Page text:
Weaning-to-estrus profiles and breeding with ‘young semen’Weaning-to-estrus profiles and breeding with ‘young semen’
Even when semen delivery schedules can’t be changed, prioritization of which sows should be bred with the youngest semen available should help and certainly not harm farrowing rate and number born alive.
November 27, 2017
By W.L. Flowers, North Carolina State University
It is often stated that “semen begins to die once it is collected and extenders only slow down this process.” This is true.
During ejaculation compounds from the secondary sex glands are mixed with sperm and prepare them for their passage through the sow’s reproductive tract and their subsequent fertilization of ova which is what happens during a natural mating. When this process is interrupted, as is the case with artificial insemination, then the role of the extender is to retard these changes.
However, no extender can stop them completely, so sperm are still dying, but at a reduced rate. This is the rationale behind trying to use A.I. doses as quickly as possible after collection. Even when semen delivery schedules can’t be changed, prioritization of which sows should be bred with the youngest semen available should help and certainly not harm farrowing rate and number born alive.
The normal return pattern for a commercial sow farm with a Thursday weaning is shown in Figure 1. The solid bars represent the first day of detected estrus and the first mating while the open bars represent the second day of estrus and the second mating. The normal semen delivery schedule for this farm was Monday and Thursday mornings. Insemination doses arrived early enough on those days such that they could be used to breed sows. As a result on Mondays and Thursdays, insemination doses available for breeding were either just collected, 3-days-old (Thursday), or 4-days-old (Monday).
Figure 1: Typical daily breeding demands for a commercial sow farm with weaning occurring on Thursday. Solid bars represent first day of estrus/inseminations and open bars represent second day of estrus/inseminations.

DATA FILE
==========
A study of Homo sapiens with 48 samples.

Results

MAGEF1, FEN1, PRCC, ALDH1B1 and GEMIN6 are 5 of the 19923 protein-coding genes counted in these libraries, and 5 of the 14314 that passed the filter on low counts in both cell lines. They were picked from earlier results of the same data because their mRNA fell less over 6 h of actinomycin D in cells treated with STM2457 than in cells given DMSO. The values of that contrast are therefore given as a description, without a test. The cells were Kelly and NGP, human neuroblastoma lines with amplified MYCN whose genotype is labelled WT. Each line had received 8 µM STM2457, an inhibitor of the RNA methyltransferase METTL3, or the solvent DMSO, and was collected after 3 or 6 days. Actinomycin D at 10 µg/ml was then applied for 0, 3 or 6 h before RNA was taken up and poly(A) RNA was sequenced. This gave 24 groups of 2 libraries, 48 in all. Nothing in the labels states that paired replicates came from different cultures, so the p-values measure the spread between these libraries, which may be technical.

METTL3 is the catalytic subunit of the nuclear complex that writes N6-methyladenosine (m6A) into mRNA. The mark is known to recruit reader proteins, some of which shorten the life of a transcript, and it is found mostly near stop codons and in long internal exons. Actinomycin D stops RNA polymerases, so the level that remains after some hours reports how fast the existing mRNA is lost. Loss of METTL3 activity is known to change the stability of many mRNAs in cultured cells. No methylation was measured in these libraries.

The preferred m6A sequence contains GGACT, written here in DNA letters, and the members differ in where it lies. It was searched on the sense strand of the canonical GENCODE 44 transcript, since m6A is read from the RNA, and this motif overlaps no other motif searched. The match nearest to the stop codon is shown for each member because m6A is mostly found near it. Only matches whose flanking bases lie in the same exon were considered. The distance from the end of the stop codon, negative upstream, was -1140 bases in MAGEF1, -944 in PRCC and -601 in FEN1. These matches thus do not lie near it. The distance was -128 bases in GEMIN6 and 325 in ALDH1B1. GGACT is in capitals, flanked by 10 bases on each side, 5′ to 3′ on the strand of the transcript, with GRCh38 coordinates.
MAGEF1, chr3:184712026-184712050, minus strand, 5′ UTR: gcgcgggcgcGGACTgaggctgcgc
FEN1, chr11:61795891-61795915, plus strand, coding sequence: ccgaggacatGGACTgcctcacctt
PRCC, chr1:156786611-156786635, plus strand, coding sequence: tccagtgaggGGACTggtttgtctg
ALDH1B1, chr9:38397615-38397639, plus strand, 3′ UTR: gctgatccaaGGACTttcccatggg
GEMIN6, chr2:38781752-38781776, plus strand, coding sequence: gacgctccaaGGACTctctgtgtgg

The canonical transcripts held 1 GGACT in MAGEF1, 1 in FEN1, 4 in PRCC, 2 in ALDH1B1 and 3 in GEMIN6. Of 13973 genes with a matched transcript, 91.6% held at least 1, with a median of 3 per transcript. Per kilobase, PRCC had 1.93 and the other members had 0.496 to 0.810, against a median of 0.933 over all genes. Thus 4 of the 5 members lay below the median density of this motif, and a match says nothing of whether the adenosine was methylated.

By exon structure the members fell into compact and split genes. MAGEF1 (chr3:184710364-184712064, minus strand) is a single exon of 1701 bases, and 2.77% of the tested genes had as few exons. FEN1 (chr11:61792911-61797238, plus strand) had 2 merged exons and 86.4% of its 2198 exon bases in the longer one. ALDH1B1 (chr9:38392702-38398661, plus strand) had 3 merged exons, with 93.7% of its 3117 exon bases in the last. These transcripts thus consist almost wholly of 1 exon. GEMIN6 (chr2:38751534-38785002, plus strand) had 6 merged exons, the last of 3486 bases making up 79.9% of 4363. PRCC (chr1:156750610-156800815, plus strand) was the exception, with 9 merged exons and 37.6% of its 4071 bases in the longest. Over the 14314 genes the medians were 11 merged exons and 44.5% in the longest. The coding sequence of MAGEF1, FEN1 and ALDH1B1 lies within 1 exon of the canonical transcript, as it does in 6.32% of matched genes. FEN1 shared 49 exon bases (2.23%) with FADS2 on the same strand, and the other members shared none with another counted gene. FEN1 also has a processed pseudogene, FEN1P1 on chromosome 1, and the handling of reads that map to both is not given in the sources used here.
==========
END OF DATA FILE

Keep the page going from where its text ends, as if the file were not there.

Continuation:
Breeding technicians followed the “first-in, first-out” rule. In other words, the oldest semen was used first followed by the youngest semen on both of these days. In an attempt to decrease semen age at insemination, every other week, the farm switched to a “last-in, first-out” strategy for the Thursday matings with the caveat that all the sows scheduled for their second mating should be bred with the fresh semen if possible. Thursday was selected instead of Monday in order to simplify the study and due to the increased number of total matings — almost twice as many.
Conception rates, farrowing rates and numbers of pigs born alive for both strategies are shown in Table 1 (n = approximately 1,000 sows per strategy). Each of these tended to be higher (p = 0.09; p = 0.08; and p = 0.10, respectively) for the “last-in, first-out strategy” compared with the standard “first-in, first-out” approach. It is important to recognize that because of the normal weaning-to-estrus pattern on this farm there were a significant number of inseminations on Thursdays — about 28% of their weekly total of which almost 18% where second inseminations. Consequently, these sows, on average, were bred with semen that was approximately two days younger compared with their counterparts in the conventional “last-in, first-out” treatment and were the subset of animals responsible for the observed tendency for improved fertility.
Table 1: Reproductive performance of sows bred with “young” versus “old” insemination doses.
While it is physiologically reasonable to speculate that any reduction in semen age at insemination should increase reproductive performance, the magnitude of any observed change is likely to differ among farms based on variations in estrous activity of weaned sows and semen delivery schedules.